School officials believe the 42-year-old Provo High School is structurally sound, but it's only as safe the era's standards under which it was built, an engineering report shows.

Meanwhile, the architect responsible for the construction of the new Amelia Earhart School is confident it meets seismic standards, even though the Utah Geological Survey was brought in to review the site late in the process.The report on the high school, issued by Sandstrom Architects in May but released to the Deseret News just last week, never intended to imply that the school was completely earthquake safe, said architect Stephen Sandstrom. The report prompted the school board to go no further in its investigation on whether Provo High should be replaced. Rather, the board decided to keep and continue to improve the school.

The report said that 44.3 percent of Provo High was built after stringent earthquake codes were put in place, but 55.7 percent of the school was built under lesser standards. The school has 320,782 square feet.

The next step, Sandstrom said, is up to the board. It could choose to order a more in-depth study of those older sections for earthquake safety. But the study that was done showed no structural cracking or weakness, he said. "It needs a full-blown study from about 1978 back," he said.

But Phil Lott, building and transportation director, said that would likely not be done. The original high school was built with three wings, he said. C wing has already been brought up to code. He said any further seismic study wasn't necessary because "we pretty well know about A and B wing." Rather, sheer walls in the older sections would be brought up to code if and when they are remodeled.

The masonry in those sections is unreinforced and could collapse in an earthquake, but concrete columns that comprise the main part of the structure are of reinforced concrete and would hold up, he said.

Part of a $22.5 million bond approved in 1996 includes funds for upgrading the air conditioning. The tiled ceiling has been removed in part of the building to install ductwork, and the new, solid ceiling won't be constructed of tiles, which could fall in a temblor, he said.

The new media center at Provo High should be completed by the end of July, Lott said. The $1.4 million construction project, built between A and B wings, includes a new library, computer labs and theater seating for lectures.

While officials are confident in Provo High's structure, the ground under the new Amelia Earhart School may be subject to liquefaction in an earthquake, but the extent of that potential isn't known, a geologist indicated. Barry Solomon, a geologist with the Utah Geological Survey, said engineers found saturated sands at the bottom of 15.5-foot test holes, an indication liquefaction was possible. Solomon recommended the test holes go to 30 feet to find the total thickness of the sand, but by the time he did the report last February, school construction was well under way. It will open this fall semester. Solomon said he was unaware of that when he recommended the foundation design be reviewed by a geotechnical engineer prior to construction.

Lott said he's never gone that deep in any of the schools he's built. Schools always have a geotechnical study done before construction, he said.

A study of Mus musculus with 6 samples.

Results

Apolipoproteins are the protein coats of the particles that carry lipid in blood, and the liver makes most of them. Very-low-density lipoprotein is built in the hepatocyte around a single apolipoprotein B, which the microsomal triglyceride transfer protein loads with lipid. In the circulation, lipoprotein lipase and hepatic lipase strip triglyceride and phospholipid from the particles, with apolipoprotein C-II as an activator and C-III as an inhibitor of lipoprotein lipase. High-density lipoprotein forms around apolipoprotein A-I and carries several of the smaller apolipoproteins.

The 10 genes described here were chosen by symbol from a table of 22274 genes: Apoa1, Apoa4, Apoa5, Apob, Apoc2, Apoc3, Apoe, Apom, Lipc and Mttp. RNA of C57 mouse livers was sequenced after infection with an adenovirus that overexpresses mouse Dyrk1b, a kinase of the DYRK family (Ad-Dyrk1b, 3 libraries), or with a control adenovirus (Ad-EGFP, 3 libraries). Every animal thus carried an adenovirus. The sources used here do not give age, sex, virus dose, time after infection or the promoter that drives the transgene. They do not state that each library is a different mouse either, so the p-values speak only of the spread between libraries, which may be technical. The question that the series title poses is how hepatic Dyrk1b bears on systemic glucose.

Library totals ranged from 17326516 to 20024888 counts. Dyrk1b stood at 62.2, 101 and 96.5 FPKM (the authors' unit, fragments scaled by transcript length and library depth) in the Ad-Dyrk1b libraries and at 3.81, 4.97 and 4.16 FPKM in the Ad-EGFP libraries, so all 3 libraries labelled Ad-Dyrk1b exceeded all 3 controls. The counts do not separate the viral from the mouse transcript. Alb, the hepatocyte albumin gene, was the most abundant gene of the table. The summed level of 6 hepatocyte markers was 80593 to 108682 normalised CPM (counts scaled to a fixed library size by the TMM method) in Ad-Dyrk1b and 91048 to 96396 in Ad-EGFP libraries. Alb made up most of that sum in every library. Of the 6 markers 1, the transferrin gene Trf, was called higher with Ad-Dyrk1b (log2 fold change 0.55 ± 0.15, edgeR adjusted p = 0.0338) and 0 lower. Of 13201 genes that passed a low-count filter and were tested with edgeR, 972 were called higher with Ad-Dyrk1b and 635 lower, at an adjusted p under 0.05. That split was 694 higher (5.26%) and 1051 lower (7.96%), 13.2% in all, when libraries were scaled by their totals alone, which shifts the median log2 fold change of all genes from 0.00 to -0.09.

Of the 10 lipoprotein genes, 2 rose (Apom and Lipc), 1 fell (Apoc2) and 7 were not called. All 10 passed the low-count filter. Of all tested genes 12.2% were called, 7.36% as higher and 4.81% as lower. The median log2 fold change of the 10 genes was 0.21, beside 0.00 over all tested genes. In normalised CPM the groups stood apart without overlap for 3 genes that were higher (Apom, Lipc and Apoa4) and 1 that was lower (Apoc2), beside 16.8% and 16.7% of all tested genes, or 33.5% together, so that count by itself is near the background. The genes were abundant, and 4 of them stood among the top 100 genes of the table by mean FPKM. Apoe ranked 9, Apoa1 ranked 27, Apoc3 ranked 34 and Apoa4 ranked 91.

The Utah Geological Survey was brought in to review the site after construction had begun when the district and state agency became aware of a little-known state education administrative code that said school sites were to be reviewed by the state prior to approval of construction.

If saturated sands go deeper than 30 feet, they will likely not affect liquefaction, Solomon said. "The (foundation) design may be adequate - that's an engineering question," he said. While 30-foot test cores were never drilled, architect Sandstrom is confident the school meets seismic standards.

Sandstrom said the site was engineered to meet the risk of liquefaction in an earthquake. The site has shallow groundwater, another factor in liquefaction, and because it's near the Provo River and Utah Lake it could flood, but the site and foundation was engineered to address those hazards, said Sandstrom. Construction should be completed by the end of July, Lott said.

The $4.5 million school was constructed under the $22.5 million bond.

Other projects scheduled for this summer include a new gymnasium at Timpanogos Elementary School, 449 N. 500 West. The $719,000 gymnasium will be completed by November, Lott said. The old gym will be converted into three classrooms to meet state class-size-reduction requirements.

A new auditorium for Dixon Junior High, 750 W. 200 North, will be bid in two weeks. It is budgeted at $850,000, which Lott described as tight. The new auditorium will be built in the present parking lot, once occupied by temporary classrooms.

Work is under way to fully air condition the school, including lowering the ceilings.

Edgemont Elementary School, 566 E. 3650 North, will get a new parking lot, bid recently at $64,000. The school will also get two more classrooms and an enlarged media center, budgeted at $250,000. The media center will be built in what is now a center courtyard.

Construction is progressing on the new $3.1 million gymnasium at Timpview High School, 3570 N. 650 East. The 26,500-square-foot building will include three team rooms and showers. Interwest Construction from Salt Lake City is the contractor.

A classroom at Provost Elementary School, 629 S. 1000 East, is also under way.